State dismisses elections complaint against former Fairfield first selectman


Fairfield First Selectman Mike Tetreau speaks during a meeting with the Connecticut Post Editorial Board on Sept. 30, 2019.

Ned Gerard / Hearst Connecticut Media

The State Elections Enforcement Commission has dismissed a complaint against former Fairfield First Selectman Michael Tetreau, which alleged that he used municipal funds to promote his 2019 campaign for reelection, in violation of campaign finance laws.

Former Selectman Christopher Tymniak, who filed the complaint with SEEC in 2019, questioned why it took the body so long to make a decision, but was eager to move on from the incident, particularly as Tetreau is no longer in office.

“I am disappointed in the SEEC taking so long,” said Tymniak, now chief administrative officer in Stratford. “The complaint was filed at the time for real reasons.”

The complaint alleged that Tetreau used Fairfield municipal funds to pay for a campaign consultant, and that he “disguised” it as an expense for environmental consulting.

In his complaint, Tymniak alleged that Tetreau hired Christopher Gidez of Fairfield-based G7 Reputation Advisory LLC with money from the Public Works budget in response to a scandal involving toxic dumping at the town’s fill pile.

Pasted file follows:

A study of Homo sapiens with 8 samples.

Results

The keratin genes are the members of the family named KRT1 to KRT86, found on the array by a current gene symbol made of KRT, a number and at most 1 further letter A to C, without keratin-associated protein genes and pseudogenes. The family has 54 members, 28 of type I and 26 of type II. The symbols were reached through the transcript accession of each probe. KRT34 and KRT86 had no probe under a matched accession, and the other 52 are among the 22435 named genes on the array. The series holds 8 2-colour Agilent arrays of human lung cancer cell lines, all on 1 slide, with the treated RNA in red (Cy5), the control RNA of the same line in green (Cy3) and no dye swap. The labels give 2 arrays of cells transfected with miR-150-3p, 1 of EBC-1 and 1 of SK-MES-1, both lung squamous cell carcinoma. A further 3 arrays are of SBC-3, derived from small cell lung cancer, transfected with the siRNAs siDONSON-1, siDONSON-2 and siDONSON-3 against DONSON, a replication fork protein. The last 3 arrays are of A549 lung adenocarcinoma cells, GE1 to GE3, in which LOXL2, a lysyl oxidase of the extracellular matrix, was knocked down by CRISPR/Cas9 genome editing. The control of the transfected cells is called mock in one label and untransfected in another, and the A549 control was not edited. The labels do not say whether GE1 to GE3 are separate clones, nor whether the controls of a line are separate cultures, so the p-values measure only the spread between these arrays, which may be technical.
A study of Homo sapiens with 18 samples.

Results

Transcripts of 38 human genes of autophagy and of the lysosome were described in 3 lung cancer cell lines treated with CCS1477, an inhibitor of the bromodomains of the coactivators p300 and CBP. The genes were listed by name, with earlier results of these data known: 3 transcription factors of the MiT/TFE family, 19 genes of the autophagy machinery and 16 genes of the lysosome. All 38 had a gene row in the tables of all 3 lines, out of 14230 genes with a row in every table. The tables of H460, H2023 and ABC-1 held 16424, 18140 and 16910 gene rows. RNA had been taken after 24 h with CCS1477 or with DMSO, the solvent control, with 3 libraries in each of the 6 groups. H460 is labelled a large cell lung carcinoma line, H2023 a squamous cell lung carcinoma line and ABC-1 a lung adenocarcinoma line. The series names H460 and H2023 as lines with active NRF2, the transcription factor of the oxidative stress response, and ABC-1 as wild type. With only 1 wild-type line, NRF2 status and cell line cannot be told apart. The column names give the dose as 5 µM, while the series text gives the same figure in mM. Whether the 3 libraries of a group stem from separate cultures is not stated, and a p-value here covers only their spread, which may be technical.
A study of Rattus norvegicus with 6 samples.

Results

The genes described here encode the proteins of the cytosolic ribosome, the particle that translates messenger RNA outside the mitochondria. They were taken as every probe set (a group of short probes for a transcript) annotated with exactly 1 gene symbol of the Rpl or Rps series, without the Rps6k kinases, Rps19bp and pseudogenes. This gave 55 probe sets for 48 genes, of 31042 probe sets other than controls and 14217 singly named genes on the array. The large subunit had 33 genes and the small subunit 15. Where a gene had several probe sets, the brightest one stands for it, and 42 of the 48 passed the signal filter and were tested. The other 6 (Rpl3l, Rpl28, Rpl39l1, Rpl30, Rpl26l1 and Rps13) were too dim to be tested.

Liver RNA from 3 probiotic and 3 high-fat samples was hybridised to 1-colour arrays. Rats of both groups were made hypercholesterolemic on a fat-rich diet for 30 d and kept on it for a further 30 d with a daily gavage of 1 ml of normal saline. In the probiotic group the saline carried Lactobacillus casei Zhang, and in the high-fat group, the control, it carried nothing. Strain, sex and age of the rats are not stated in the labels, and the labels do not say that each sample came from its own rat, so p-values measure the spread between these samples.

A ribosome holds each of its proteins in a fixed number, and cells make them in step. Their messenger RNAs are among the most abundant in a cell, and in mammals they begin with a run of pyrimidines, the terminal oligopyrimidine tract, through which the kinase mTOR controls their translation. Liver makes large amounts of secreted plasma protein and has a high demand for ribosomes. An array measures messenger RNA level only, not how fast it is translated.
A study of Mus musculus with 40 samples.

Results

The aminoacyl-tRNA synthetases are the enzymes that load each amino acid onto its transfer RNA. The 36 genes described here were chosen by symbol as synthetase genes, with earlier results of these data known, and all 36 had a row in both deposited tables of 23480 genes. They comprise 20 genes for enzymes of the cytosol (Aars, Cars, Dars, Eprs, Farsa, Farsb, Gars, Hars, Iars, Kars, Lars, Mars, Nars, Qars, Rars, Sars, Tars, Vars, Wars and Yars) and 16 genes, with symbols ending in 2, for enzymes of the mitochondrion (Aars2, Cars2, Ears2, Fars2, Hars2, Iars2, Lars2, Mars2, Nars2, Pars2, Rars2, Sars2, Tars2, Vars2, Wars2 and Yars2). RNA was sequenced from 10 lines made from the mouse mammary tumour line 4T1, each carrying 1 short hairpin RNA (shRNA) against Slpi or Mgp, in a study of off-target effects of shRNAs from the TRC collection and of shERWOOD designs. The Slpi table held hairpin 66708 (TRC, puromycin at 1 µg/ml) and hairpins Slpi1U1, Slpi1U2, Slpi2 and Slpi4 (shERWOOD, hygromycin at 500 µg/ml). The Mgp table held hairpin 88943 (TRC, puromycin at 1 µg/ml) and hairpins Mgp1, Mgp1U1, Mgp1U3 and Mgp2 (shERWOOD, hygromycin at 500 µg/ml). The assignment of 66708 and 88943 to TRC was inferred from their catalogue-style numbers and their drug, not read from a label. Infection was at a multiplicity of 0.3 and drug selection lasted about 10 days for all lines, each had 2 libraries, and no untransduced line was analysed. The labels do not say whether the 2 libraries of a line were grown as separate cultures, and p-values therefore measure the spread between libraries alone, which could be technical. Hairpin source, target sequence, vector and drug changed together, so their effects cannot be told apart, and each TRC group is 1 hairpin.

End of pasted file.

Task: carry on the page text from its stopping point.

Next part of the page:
Two town employees and a former town contractor were charged with allegedly conspiring to dump soil containing toxic levels of lead and PCBs on town property adjacent to the public works garage.

When G7 Reputation was hired, Tetreau also was running for re-election. Tymniak claimed that the hiring of the firm “was designed to protect (Tetreau’s) personal reputation and ‘to call out those who irresponsibly raised public fears.’”

During the SEEC’s March 3 meeting, attorney William B. Smith presented his findings on the investigation into Tymniak’s claim. Smith said though Tetreau used public funds to hire the consultant “it was very specifically to respond to this environmental crisis.”

According to the SEEC’s conclusion, the state contacted Gidez about his hiring and he responded that his work for Fairfield “was limited to providing communications counsel and support to the town during the period in which it was faced with a crisis related to the alleged dumping of hazardous material at its landfill, and the allegations of use of allegedly contaminated soil and aggregate from the landfill on park and school properties.”

Gidez further claimed that he “did not work for (Tetreau’s) campaign organization nor was any of my work for the town related to the campaign.”

During his presentation at the SEEC meeting, Smith said that the consultant’s work yielded “only an incidental benefit” to the first selectman’s unsuccessful re-election campaign. Given his findings, Smith recommended that the complaint be dismissed and it was unanimously approved.

Tetreau didn’t respond to multiple attempts to contact him about the dismissal.

Tymniak said, though he stands by the complaint, he’s eager to move forward. “The town has turned the page,” he said.